Dec 01, 2012 02:13AM ● By Justin Buettner

A trio of amateur crooks decide to rob a high stakes gangsters card game causing a shut down of the criminal economy. The mob then hires Jackie (played by Brad Pitt) to track down the culprits and restore order. Can the three screw ups escape before Jackie finds them?

Killing Them Softly reminded me a little of last year’s film Drive. The movie has a style and tone that is artistic in quality, but the long bouts of dialogue and drama slow the pace of the film to crawl in parts. Sporadic scenes of excessive and graphic violence help break up this film built primarily upon conversations, so it is an easy conclusion that Killing Them Softly will not be a mainstream audience hit. In fact several groups of people left the showing that I attended. That is not to say the film is bad, but it is a movie for very specific tastes.

Brad Pitt is once again very good in the lead role of Jackie. Pitt seems at home in roles of confident characters. The character of Jackie is like a far more violent Rusty Ryan made famous by Pitt in the Oceans series. The supporting cast is equally strong which includes a roll call of strong character actors including Richard Jenkins and James Gandolfini. The problems in the film have nothing to do with the acting or the performances.

Director/Writer Andrew Dominik makes a film once every five or six years. It is readily apparent he has put a lot of thought into this film. The movie’s marketing tries very hard to pass Killing Them Softly off as a Quentin Tarantino styled crime film. In many aspects it does share the quirky characters and long exchanges of conversations, but unlike Tarintino these characters and conversations are not nearly as fun or interesting. Dominik seems far more interested with the idea of making the analogy of the crime to that of capitalism through the political election and events of 2008. A constant stream of political commentary runs throughout Killing Them Softly to make sure the audience catches the connection every step of the way. And just in case the audience doesn’t catch on, and I don’t know how that can be, the characters explains every step they take in painful detail. This movie would have benefitted from trusting the audience more and just showing the plans unfold. When a movie seems hell-bent on explaining every detail of the plot it comes across like the filmmakers are talking down to the audience, and that’s what happens in this film. Although I think his use of the financial meltdown and the government and political system in contrast with the modern day mob is interesting, the film’s message is delivered with a sledgehammer where a lot more subtly would have been more appropriate.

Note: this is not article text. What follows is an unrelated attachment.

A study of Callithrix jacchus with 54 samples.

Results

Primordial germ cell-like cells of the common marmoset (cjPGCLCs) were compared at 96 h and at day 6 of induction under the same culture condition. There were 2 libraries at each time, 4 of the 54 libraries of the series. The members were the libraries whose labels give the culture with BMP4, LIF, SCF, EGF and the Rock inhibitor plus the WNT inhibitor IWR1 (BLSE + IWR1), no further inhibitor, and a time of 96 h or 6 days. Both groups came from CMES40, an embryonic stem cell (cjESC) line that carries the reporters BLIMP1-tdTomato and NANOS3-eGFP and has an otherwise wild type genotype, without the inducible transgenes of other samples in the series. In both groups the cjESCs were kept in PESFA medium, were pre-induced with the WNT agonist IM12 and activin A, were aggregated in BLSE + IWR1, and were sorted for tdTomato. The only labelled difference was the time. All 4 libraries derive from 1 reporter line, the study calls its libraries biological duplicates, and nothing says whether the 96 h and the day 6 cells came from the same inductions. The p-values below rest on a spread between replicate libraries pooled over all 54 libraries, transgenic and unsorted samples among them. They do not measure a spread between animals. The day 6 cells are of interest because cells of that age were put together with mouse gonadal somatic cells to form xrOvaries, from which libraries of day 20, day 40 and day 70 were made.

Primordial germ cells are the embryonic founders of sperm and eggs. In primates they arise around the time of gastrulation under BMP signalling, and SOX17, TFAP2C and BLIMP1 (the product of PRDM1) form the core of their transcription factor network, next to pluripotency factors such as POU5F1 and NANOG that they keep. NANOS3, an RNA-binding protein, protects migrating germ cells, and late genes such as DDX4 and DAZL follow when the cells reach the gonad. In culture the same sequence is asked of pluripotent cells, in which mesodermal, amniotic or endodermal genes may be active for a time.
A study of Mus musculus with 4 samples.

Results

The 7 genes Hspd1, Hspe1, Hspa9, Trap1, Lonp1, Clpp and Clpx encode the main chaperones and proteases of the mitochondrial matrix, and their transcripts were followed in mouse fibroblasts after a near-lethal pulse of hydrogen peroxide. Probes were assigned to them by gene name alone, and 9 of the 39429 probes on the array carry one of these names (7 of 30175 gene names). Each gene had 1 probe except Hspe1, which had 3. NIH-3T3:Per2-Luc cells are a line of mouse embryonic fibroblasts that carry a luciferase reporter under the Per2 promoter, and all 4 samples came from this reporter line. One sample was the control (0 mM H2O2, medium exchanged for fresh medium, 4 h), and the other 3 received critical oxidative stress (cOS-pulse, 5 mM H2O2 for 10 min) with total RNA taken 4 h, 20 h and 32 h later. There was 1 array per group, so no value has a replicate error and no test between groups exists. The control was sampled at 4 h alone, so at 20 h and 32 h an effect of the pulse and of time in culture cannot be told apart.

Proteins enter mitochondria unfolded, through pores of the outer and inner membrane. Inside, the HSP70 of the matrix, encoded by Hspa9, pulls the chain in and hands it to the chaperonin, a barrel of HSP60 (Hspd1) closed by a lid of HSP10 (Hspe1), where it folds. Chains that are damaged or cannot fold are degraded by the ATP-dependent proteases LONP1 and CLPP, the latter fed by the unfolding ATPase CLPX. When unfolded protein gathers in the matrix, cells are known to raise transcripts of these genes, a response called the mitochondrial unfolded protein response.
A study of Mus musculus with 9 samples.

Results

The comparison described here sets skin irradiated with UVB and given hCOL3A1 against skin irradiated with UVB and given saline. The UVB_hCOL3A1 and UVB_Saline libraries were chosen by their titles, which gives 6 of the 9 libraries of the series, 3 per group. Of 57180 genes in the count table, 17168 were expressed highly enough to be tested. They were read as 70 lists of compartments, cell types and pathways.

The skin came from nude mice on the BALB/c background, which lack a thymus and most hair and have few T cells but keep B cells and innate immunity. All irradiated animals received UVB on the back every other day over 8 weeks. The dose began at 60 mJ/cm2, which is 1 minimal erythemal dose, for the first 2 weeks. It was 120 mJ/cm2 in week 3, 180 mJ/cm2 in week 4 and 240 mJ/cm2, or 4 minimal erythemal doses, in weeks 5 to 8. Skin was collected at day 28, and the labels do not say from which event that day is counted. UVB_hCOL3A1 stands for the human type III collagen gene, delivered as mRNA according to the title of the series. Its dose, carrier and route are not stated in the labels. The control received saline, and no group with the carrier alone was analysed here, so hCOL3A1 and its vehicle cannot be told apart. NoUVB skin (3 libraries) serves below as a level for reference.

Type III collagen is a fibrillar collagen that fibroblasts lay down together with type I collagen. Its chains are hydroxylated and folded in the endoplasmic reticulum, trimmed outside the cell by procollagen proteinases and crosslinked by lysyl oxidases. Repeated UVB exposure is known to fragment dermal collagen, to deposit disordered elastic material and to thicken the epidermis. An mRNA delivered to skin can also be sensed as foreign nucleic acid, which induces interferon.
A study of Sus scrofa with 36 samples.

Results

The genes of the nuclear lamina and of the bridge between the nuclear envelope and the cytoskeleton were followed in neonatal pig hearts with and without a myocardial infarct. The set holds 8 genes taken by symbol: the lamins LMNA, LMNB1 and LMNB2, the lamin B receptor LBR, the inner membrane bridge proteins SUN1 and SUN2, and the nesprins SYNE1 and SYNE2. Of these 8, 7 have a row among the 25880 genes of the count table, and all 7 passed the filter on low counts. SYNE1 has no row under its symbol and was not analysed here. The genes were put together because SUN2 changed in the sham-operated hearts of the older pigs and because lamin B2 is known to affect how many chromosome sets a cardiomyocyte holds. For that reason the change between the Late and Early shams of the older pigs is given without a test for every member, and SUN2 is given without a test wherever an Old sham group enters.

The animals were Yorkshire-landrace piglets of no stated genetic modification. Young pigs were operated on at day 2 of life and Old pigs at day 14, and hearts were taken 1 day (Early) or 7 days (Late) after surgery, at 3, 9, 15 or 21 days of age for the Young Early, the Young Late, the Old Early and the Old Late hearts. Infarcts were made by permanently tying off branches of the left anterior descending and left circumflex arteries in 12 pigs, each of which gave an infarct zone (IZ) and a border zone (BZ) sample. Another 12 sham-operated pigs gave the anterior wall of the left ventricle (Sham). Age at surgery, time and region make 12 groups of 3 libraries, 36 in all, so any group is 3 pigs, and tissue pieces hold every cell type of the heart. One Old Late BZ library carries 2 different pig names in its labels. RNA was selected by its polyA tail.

When action does occur in the film it is expertly crafted. The sound design during the card game robbery was some of the best of the year. The way the sound brings the audience into the act and high intensity of robbing a room full of mob bosses was most impressive. The artful flare that was used during the death scenes were well done too, combining slow motion, carefully placed camera angles, and an interesting array of edits really added to the effect of the violence on display. Make no mistake, when this movie decides to get violent it does, in a very graphic and intense way.

Although 85% of Killing Them Softly is built upon the characters having conversations among themselves, I was struck by how little I cared for or invested in them. What the characters talk about are not very substantive. If they are not describing the plot, they were talking about drugs, crimes and prostitution in uninteresting ways. By the time the end rolls around it is very apparent the movie does not have that much substance to offer and the bit it does it has the character of Jackie just bluntly say it as the last line of dialogue in the movie.

In the end Killing Me Softly was made for a very specific audience. The actors get as much from their roles as they can. When the movie does move into action, the scenes are done quite well. The trouble is most film goers will get bored of the endless meaningless conversations and they will not enjoy the bluntness of the political analogy the film not so elegantly makes. So while Killing Them Softly has a lot of strong attributes going for it, as a whole a general audience will not find this movie pleasing. If you are a fan of dialogue heavy independent crime dramas with just a bit of graphic violence, then you will most likely enjoy Killing Them Softly, if not then you would best avoid this film.

Film like Killing Them Softly : Drive, Lock Stock and Two Smoking Barrels, and Smoking Aces

Justin Buettner is Style's resident movie dude! How did he get this role? Well, he graduated from Loyola Marymount University with a Bachelor of Arts in film Production and a duel minor in Animation and Business with an emphasis in the entertainment field. He later went on to work on several independent films in various key roles including writer and later worked in the special effects field as a motion capture artist. He has since relocated to the Sacramento area with his family and continues writing for small independent films in addition to his movie reviews for Style Magazine.